Edmund Campion is a composer and Director of the UC Berkeley Center for New Music and Audio Technologies (CNMAT  In this talk, he will explore and demonstrate how a non-technical person from the pre-internet age has met the challenges and pitfalls of using and inventing digital tools to inspire and guide artistic outcomes. Through an archaeology of creative process covering twenty-five years of composing with emerging technologies, Campion will examine how digital tools help and hurt in the questioning, discovering, shaping, recombining and designing of new musical experiences. Inside the digital landscapes, the Western practices and aesthetics of written music, electro-acoustic music, improvised music, and research-based music, intermingle and hybridize.  Fast personal computers and improved inter-application and long-distance data sharing suggest new design strategies for making music and collaborating with other artists.

Edmund Campion (b. 1957) spent his formative years at Columbia University and IRCAM (Institut de Recherche et Coordination Acoustique/Musique) in Paris.  Between 1989 and 1994, he was a student of Gèrard Grisey.  At IRCAM, he composed Losing Touch for vibraphone and electronics (1995).  He was eventually commissioned by IRCAM for the full-scale ballet Playback, as well as Nat-Sel for piano and computer, and Corial for improvising saxophone and interactive computer system.  In 2012, as the Composer in Residence with the Santa Rosa Symphony, he composed The Last Internal Combustion Engine, a Concerto Grosso with Kronos Quartet and electronics.  Joshua Kosman of the San Francisco Chronicle called the piece “a vivid and richly imagined concerto.”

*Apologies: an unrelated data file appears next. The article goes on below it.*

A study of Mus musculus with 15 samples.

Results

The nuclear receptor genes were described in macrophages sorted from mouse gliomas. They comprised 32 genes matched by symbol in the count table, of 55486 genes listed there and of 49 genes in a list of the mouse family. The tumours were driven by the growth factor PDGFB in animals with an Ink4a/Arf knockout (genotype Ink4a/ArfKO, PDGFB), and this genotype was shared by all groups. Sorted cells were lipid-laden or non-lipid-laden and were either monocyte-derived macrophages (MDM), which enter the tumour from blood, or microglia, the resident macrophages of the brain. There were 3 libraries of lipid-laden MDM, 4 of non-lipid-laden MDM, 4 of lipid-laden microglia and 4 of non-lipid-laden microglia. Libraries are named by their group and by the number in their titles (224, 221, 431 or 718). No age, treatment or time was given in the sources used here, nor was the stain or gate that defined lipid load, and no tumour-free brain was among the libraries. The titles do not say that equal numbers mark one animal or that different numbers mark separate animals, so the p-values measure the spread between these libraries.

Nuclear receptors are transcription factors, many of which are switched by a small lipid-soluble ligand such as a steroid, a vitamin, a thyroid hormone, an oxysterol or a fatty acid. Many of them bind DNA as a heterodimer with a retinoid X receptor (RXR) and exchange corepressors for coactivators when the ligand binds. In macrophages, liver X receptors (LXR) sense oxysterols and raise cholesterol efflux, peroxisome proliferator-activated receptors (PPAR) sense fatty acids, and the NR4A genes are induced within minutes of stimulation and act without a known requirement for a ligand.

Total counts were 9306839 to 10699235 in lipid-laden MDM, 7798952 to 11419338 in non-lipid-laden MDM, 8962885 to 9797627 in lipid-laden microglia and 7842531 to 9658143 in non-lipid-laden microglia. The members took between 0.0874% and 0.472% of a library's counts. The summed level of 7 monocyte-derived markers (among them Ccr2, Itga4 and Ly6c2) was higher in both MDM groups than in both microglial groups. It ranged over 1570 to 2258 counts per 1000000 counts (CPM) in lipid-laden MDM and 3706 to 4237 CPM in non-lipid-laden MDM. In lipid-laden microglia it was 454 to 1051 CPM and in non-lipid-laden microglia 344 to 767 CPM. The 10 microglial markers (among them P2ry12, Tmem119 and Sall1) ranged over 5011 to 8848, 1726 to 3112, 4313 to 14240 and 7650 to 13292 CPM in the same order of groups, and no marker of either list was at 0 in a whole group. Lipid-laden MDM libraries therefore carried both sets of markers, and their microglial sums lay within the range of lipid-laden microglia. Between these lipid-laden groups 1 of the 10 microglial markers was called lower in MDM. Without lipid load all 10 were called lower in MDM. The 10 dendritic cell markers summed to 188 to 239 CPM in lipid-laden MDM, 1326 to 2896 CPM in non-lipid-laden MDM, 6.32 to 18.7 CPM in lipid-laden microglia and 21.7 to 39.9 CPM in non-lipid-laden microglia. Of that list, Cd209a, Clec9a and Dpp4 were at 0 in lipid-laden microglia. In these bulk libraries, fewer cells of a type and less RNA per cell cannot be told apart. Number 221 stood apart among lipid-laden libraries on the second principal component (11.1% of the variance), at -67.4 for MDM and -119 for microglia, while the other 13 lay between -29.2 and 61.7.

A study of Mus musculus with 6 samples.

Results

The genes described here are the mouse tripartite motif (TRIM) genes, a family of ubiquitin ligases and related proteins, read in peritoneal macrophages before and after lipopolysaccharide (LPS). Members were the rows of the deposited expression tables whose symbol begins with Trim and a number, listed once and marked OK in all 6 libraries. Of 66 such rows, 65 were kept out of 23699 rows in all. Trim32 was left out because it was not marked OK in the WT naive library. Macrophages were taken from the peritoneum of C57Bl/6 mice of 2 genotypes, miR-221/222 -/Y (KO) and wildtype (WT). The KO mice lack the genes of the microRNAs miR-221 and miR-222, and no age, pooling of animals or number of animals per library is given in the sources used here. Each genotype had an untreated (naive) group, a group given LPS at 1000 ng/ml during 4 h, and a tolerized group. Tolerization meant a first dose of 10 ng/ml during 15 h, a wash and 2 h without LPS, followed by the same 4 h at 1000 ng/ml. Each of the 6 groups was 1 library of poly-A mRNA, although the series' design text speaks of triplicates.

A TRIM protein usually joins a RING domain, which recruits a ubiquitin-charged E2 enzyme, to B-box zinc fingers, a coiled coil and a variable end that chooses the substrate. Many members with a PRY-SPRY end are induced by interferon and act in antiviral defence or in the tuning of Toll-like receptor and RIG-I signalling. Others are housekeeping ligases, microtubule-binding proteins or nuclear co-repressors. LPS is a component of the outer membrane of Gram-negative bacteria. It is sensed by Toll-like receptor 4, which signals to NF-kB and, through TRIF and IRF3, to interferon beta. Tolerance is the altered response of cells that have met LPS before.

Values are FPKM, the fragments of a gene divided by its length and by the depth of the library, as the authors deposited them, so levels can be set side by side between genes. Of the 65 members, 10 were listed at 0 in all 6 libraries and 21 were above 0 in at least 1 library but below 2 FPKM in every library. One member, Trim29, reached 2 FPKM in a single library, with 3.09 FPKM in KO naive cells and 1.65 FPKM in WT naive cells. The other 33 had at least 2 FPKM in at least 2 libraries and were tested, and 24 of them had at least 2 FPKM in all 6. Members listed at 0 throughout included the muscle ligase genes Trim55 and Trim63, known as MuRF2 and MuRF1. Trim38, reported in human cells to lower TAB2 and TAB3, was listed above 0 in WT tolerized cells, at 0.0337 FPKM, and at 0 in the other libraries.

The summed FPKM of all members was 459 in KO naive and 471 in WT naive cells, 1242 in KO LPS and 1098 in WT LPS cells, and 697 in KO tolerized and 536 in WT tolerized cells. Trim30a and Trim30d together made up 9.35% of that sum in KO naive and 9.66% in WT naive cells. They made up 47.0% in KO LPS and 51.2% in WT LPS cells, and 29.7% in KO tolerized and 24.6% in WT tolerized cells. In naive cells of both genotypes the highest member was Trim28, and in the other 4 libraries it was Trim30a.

Mr. Campion has worked with Les Percussion des Strasbourg ensemble who commissioned and released Wavelike and Diverse in 20111 on their 50th anniversary CD collection. Other premieres include Auditory Fiction (2011), commissioned by Societe Generale for Radio France, Small Wonder (The Butterfly Effect) (2012), commissioned by the Serge Koussevitzky Foundation for the San Francisco Contemporary Music Players, and Auditory Fiction II, written for the ECO Ensemble for the 2014 Venice Music Biennale.  In 2012, Campion was awarded the Goddard Lieberson Fellowship given by the American Academy of Arts and Letters to a “composer of exceptional gift”. Other prizes from a long list of accolades include the American Rome Prize and the Lili Boulanger Prize. Edmund Campion is currently Professor of Music Composition at UC Berkeley and Director at the Center for New Music and Audio Technologies.  In 2014, the American Composers Orchestra released a CD of his work Practice, for orchestra and electronics.  A monograph CD of the works of Edmund Campion by the San Francisco Contemporary Music Players, with David Milnes, is available on Albany records.  
Current projects include, Cluster X, a co-commissioned piece written for the Ensemble Intercontemporain in collaboration with audiovisual artist Kurt Hentschläger, and a commission by pianist Marilyn Nonken to compose a piece inspired by Gerard Grisey’s Vortex Temporum.